ELGL continues the #13Percent focus on racial diversity in the local government workforce. Race Doesn’t Exist in a Vacuum by Casie Yoder, City of Decatur, GA, penned our first entry. Today we hear from Brittany Bennett, Self Help.
My Thoughts on Publicly Discussing Race
I’ve never been one to shy away from difficult, uncomfortable conversations. Dare say I even enjoy them because, when done right, they can lead to some important breakthroughs and stronger relationships. I’ve experienced this first-hand and fiercely promote it in my own life. But, because race is so difficult to discuss ELGL is giving the option to post anonymously in an effort to encourage those interested in contributing to not hold back in presenting their thoughts. However, it was only as I sat down to write today’s post that that I really understood the value of anonymity, as I had a sudden onslaught of worries about future hiring managers and readers’ comfort. So instead of sharing my original post (it’ll be here soon), I’m going to share some of these thoughts, which echo similar ones experienced when speaking up as a Person of Color, woman, or other minority in the workplace.
The context to most of my nervousness is found in two articles:
- this one from The Root on the censorship of black scholars at Predominantly White Institutions (PWIs) and,
- this one from The Huffington Post, entitled “Why It’s So Hard to Talk to White People about Racism.”
Both articles point to systemic and structural issues that make it difficult for black people and other People of Color to be critical of racial inequities without judgment or repercussion. They led me to have three main concerns:
1. How honest can I really be? Do ELGL blog readers really want to talk about race or do they want to pretend to talk about it?
Race and diversity are trending topics right now, but when it comes down to it, few people want to talk about why these current issues really exist—that America’s racist past created policies and structures that continue to be manifest today in housing, education, and jobs. Nor do many want to acknowledge that that same racist history affects the way we view other racial groups, even subconsciously. But here’s the thing: it is what it is. It’s nothing to try to cover up because we can’t undo history (and to the states trying to change history curricula and rewrite text books, please just let it go). If we want to make progress, we have to get over our discomfort, be willing to say the wrong thing, be respectfully corrected, and listen to each other.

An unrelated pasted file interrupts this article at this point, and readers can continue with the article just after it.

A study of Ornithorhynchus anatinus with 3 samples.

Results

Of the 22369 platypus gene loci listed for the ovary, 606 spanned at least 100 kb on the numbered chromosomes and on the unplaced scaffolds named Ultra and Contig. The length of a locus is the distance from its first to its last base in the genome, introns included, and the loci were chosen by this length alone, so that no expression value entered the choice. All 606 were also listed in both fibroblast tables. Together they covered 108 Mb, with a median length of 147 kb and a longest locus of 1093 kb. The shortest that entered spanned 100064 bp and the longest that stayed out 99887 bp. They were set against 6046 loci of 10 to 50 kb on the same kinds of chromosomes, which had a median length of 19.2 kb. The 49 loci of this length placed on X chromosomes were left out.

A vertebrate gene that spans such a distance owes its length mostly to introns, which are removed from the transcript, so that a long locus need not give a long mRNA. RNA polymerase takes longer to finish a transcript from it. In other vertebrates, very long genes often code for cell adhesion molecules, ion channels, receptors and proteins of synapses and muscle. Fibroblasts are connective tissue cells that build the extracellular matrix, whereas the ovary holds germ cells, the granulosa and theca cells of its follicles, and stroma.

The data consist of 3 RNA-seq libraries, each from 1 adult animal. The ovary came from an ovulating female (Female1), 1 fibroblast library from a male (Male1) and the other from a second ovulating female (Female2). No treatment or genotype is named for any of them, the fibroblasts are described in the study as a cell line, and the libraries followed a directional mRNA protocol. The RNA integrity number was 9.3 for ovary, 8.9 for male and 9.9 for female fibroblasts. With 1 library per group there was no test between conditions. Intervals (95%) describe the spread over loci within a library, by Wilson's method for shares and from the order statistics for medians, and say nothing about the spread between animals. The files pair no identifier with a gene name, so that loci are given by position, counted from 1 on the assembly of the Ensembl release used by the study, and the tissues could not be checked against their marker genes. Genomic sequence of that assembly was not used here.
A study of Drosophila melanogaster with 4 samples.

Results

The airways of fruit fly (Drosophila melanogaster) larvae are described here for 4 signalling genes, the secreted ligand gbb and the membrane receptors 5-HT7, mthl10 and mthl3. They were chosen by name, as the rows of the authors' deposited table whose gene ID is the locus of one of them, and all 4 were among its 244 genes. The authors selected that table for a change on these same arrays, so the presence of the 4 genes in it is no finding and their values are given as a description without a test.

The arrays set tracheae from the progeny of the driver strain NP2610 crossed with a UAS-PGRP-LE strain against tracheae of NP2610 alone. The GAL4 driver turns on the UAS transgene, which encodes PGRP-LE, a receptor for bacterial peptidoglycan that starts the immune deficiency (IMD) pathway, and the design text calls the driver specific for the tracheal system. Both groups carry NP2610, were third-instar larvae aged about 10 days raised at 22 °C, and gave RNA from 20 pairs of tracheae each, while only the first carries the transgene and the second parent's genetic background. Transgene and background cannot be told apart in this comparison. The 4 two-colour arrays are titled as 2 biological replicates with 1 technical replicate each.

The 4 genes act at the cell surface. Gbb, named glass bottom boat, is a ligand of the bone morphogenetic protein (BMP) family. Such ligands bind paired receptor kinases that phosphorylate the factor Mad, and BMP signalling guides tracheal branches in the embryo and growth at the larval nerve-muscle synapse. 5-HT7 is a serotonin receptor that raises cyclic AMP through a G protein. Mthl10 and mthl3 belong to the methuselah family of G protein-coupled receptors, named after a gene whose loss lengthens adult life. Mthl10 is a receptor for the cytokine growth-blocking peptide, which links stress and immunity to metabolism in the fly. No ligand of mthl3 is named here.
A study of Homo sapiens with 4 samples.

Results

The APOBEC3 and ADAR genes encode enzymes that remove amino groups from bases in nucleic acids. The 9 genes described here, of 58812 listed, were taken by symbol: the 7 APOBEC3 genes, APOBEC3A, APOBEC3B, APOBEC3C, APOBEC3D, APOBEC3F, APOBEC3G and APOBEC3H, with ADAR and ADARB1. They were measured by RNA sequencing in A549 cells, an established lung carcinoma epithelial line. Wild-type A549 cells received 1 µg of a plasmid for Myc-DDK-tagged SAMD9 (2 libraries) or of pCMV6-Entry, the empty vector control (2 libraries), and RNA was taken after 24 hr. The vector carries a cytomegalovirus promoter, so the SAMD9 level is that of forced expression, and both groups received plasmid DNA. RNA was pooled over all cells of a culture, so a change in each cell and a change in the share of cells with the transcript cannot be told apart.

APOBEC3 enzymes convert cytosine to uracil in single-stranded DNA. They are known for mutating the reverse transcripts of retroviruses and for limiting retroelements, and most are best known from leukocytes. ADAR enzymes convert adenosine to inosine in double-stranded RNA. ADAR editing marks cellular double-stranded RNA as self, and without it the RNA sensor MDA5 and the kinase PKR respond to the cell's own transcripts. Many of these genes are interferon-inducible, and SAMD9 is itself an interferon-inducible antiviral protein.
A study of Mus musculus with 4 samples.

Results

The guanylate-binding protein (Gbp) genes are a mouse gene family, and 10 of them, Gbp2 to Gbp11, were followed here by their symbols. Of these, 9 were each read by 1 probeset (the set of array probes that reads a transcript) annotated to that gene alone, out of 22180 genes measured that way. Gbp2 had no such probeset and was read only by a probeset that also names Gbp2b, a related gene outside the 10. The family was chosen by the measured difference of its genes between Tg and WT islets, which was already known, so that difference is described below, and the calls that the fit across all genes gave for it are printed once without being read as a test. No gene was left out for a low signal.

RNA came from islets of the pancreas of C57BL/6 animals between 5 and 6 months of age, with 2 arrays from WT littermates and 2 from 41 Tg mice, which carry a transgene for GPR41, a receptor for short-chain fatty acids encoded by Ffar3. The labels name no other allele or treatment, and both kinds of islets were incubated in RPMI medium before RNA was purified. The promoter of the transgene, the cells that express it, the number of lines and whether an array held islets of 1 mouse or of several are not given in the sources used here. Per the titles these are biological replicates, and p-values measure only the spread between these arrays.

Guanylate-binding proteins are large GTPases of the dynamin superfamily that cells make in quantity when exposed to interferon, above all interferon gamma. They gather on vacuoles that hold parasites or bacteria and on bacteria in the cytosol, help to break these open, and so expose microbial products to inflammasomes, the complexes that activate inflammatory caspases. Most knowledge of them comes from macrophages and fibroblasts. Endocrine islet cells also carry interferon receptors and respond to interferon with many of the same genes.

2. I don’t want anyone to walk away thinking my thoughts represent all black people.
In the second article I reference above, Dr. Robin DiAngelo discusses the concept of white fragility, which is created by racial segregation along with other factors. She makes this point, which resonated with me:
“Most whites live, grow, play, learn, love, work and die primarily in social and geographic racial segregation. Yet, our society does not teach us to see this as a loss. Pause for a moment and consider the magnitude of this message: We lose nothing of value by having no cross-racial relationships. In fact, the whiter our schools and neighborhoods are, the more likely they are to be seen as “good.” The implicit message is that there is no inherent value in the presence or perspectives of people of Color.”
This segregation means that one interaction can completely determine a person’s view of entire groups and that all future interactions will be judged based on the first. Just so we’re clear: I’m not a spokesperson for black people. These are my thoughts and mine alone, so please don’t assume that others share my point of view.
3. What happens if a future hiring manager doesn’t like what I have to say?
It’s understood nowadays that you need to be thoughtful about the things you write online. The recent controversy surrounding incoming Boston University professor, Saida Grundy (see the first article above), made me think about negative effects that could result from speaking in a way others deem offensive not only in academia, but in every workplace. Even though I don’t think anything I’m saying is offensive, others might think so. I’m in the beginning of my career so I definitely have to consider what a future hiring manager will find in a Google search. This future hiring manager may be deeply uncomfortable with the topic of race and not appreciate my candor on the subject. Should I hold back because ofthat? I say no because I stand by my thoughts and think the discussion is important.
In sum, I share these thoughts because they echo what goes through my mind at work when I feel the need to speak up about a racial issue or any other sensitive topic. I challenge us all to consider how we can make our organizations safe places for people to share their diverse opinions and perspectives. That is why diversity is important, after all. I hope you will engage in this conversation with ELGL and share how you think local governments and other public service organizations can better recruit and keep talented diverse people in order to better serve our communities.